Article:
What impact will automation and the resulting loss of jobs have on innovation?

It is never easy to predict the future. However, it can be said with some degree of certainty is that automation and artificial intelligence are here to stay. Automation will increasingly reshape the working world in the coming years, and it has already been felt in some industries.

A recent analysis by PricewaterhouseCoopers (PwC) revealed that AI and automation had the potential to boost the global GDP by $15 trillion from 2030. Smart automation and robotics will, therefore, bring many economic benefits, but at what cost to human workers and their innovation and flair?

PwC believes almost a third (30%) of all jobs could be at potential risk of automation by the mid-2030s. Machines have been displacing human labour for more than a century already. The Industrial Revolution saw assembly lines transform car manufacturing output, for example. However, automation and AI have the potential to displace far more job roles than car production positions.

Recently, PokerStars Casino ranked the jobs market in terms of those at most risk of being replaced by automation. Those at highest risk of automation tend to involve roles where finger or manual dexterity is required, or people are required to work in awkward positions in small, cramped workspaces. The most ‘at-risk’ jobs included bank cashiers, telemarketers, bookkeepers, restaurant chefs, and jewellers.

There is no doubt that, if automation trends continue, the workplace of tomorrow will appear drastically different to what we see today. However, we shouldn’t be afraid of automation. If anything, automation will help to usher in a new wave of human innovation and creativity. Automation and AI have the potential to replace manual jobs, freeing up time for people to focus on the creative and original aspects of their roles.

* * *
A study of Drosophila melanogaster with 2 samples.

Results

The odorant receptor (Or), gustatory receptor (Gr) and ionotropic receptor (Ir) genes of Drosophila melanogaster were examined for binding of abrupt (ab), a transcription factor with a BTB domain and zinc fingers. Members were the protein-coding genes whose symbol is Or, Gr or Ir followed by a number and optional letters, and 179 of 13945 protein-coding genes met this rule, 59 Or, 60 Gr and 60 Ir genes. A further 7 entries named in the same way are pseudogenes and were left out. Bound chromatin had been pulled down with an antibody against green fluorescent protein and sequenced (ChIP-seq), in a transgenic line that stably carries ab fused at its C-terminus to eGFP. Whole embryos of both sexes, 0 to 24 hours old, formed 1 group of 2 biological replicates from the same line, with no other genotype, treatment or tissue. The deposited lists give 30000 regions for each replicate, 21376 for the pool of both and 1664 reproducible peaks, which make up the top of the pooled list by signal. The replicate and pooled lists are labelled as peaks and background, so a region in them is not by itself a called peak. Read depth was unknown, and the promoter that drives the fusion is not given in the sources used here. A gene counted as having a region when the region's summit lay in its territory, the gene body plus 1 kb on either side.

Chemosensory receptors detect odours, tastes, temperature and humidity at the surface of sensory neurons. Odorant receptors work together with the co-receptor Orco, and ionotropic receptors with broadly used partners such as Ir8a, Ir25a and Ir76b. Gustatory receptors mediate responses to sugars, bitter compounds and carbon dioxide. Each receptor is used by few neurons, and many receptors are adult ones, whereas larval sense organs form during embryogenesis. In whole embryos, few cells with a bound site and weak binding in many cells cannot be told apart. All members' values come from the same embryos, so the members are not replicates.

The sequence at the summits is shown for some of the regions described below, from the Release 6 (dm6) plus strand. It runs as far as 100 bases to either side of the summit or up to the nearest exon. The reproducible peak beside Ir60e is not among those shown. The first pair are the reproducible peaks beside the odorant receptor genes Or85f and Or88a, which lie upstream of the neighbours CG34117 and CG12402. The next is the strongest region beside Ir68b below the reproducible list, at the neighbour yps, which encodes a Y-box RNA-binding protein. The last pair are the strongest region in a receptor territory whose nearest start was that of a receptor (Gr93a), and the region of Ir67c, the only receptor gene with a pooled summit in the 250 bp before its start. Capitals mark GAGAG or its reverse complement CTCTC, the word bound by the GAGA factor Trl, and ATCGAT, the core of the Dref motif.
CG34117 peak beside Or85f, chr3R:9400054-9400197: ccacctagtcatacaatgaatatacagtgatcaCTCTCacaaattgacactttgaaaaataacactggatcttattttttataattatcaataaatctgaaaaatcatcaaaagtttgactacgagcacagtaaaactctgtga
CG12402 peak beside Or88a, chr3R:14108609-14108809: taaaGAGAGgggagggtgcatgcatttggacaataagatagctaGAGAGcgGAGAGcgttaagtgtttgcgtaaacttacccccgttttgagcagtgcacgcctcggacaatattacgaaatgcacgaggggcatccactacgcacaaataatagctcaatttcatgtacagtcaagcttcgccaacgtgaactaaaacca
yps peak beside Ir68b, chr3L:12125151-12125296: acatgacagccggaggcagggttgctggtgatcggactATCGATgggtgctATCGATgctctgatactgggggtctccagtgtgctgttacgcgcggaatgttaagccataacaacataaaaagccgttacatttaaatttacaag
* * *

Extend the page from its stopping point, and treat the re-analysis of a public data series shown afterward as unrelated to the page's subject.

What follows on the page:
Those job roles with the lowest risk of being affected by automation, according to PokerStars Casino’s research, include childcare workers, veterinarians, air traffic controllers, and chief executives. That’s because so many of those roles require impeccable people skills, communication skills, flair, or the ability to think on your feet and make the right decisions.

It is hoped that automation won’t lead to mass income inequality and unemployment and will actually foster new jobs and a chance for creative, forward-thinking types to enjoy greater headspace to innovate and push the boundaries of what is possible. Research and development (R&D) could become an integral part of an employee’s role while allowing automation and robotics to operate in the background and keep things ticking over.

Governments will also be encouraged to offer training of new specialist skills to ensure professionals’ employability. This is what McKinsey describes as the ‘mass redeployment of labour’, training people to become more adaptable to enable them to fulfil roles where the task changes due to automation.

Put simply, while many will look upon this latest Industrial Revolution with caution, we should not fear automation. We should embrace its qualities and innovate to offset the disruption caused by intelligent machines.